A&E on the road: Baltimore Center Stage adapts Toni Morrison’s ‘Jazz’


I’ve set a goal for myself of visiting at least three new-to-me regional theaters every year. I’ve also set a goal of trying to get to as many new plays as possible.

Those two missions coincided with a stop recently at Baltimore Center Stage for the world premiere of Nambi E. Kelly’s play “Jazz,” based on the novel by Toni Morrison. The play runs through June 25.

First, a bit about the theater.

Baltimore Center Stage launched in 1963 as a community drama group and soon become one of the leaders in the professional regional theater movement. It now draws about 100,000 people each season to its Mt. Vernon neighborhood, where it recently completed a $28 million renovation of its historic building.

Artistic Director Kwame Kwei-Armah—who also directed this production—programs a mix of new work and classics, with more of an edge than most leading theaters in mid-sized cities. Next season’s lineup includes Lucas Hnath’s “The Christians,” “Shakespeare in Love,” and George Orwell’s “Animal Farm.”

“Jazz” centers on the relationship between Violet (Shanesia Davis) and Joe (Leon Addison Brown), which turns violent when a younger woman, Dorcas (Jasmine Batchelor) is added to the mix. Just moments after the lights go down, we see Joe shoot Dorcas. And a blink later, we see a deeply disturbed Violet crash Dorcas’ funeral to attack the corpse with a knife.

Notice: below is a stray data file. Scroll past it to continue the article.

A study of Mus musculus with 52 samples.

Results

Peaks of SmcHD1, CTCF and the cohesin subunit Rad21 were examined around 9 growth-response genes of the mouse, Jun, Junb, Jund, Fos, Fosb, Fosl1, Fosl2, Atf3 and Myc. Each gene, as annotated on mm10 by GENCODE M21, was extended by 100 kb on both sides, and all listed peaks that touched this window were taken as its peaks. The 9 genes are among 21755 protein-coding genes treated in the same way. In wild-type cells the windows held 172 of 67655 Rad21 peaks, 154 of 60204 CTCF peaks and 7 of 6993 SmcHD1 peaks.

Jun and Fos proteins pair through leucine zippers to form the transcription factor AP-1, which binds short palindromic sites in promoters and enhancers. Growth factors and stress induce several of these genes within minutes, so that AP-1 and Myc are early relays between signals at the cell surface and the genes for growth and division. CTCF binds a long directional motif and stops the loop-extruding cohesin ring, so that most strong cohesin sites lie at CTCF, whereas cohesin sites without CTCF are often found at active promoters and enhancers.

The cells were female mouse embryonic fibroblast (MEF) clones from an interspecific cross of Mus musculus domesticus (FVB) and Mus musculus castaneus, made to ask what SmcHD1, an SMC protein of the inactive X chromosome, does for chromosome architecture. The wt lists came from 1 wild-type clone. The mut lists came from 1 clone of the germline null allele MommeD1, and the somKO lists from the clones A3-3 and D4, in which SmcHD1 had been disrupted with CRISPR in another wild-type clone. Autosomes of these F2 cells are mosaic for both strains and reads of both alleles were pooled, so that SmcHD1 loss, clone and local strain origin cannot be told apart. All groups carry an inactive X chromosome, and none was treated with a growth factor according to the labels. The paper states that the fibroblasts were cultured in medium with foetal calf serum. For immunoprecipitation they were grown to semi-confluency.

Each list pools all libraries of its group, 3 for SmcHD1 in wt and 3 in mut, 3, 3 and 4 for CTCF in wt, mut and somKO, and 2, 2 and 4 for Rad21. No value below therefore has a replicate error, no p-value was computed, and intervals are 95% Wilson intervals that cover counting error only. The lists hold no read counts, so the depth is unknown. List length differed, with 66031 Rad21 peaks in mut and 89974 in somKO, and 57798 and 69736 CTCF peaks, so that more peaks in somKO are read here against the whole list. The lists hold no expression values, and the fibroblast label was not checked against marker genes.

It’s intense stuff. But 90-minutes proves too tight a running time to contain it. Events crash abruptly into each other, characters are introduced too quickly and sorting out not only who’s who but when’s when (since the play time hops) gets in the way of immersion in the story. Following a plot shouldn’t require consulting a timeline in the program.

Consider the stage time given to less incident-packed adaptations such as “The Curious Incident of the Dog in the Night-Time” or “All the Way Home” (adapted from James Agee’s “A Death in the Family”). Or John Irving’s “The Cider House Rules,” which, when brought to the stage, was turned into a two-parter, at about three hours each. The designers, wisely combining minimal set pieces with projected backgrounds, allow Kwei-Armah to keep things moving. But “Jazz” still desperately needs such room to breathe and find its rhythm.  

The heightened dialogue hints at what might have been mined if, taking the lead from the title, “Jazz” had been turned into a musical. Songs tend to forge connections between characters and audience—or, at least, give us time to figure out what’s going on.

Still, the production demonstrates that Baltimore Center Stage certainly has access to talent.  I’d particularly love to see more from Jasmine Carmichael and Warner Miller, who play the young Violet and Joe, and it was great to see Michele Shay, who I recalled from a PBS broadcast of “A Midsummer Night’s Dream” from New York’s Central Park decades ago.  

I can’t answer how faithful the adaptation is to the book, since I haven’t read it (although I’m now inspired to). I’m less interested, though, in whether or not an adaptation closely follows its source than I am with whether the piece works on its own on stage. “Jazz” isn’t quite there yet.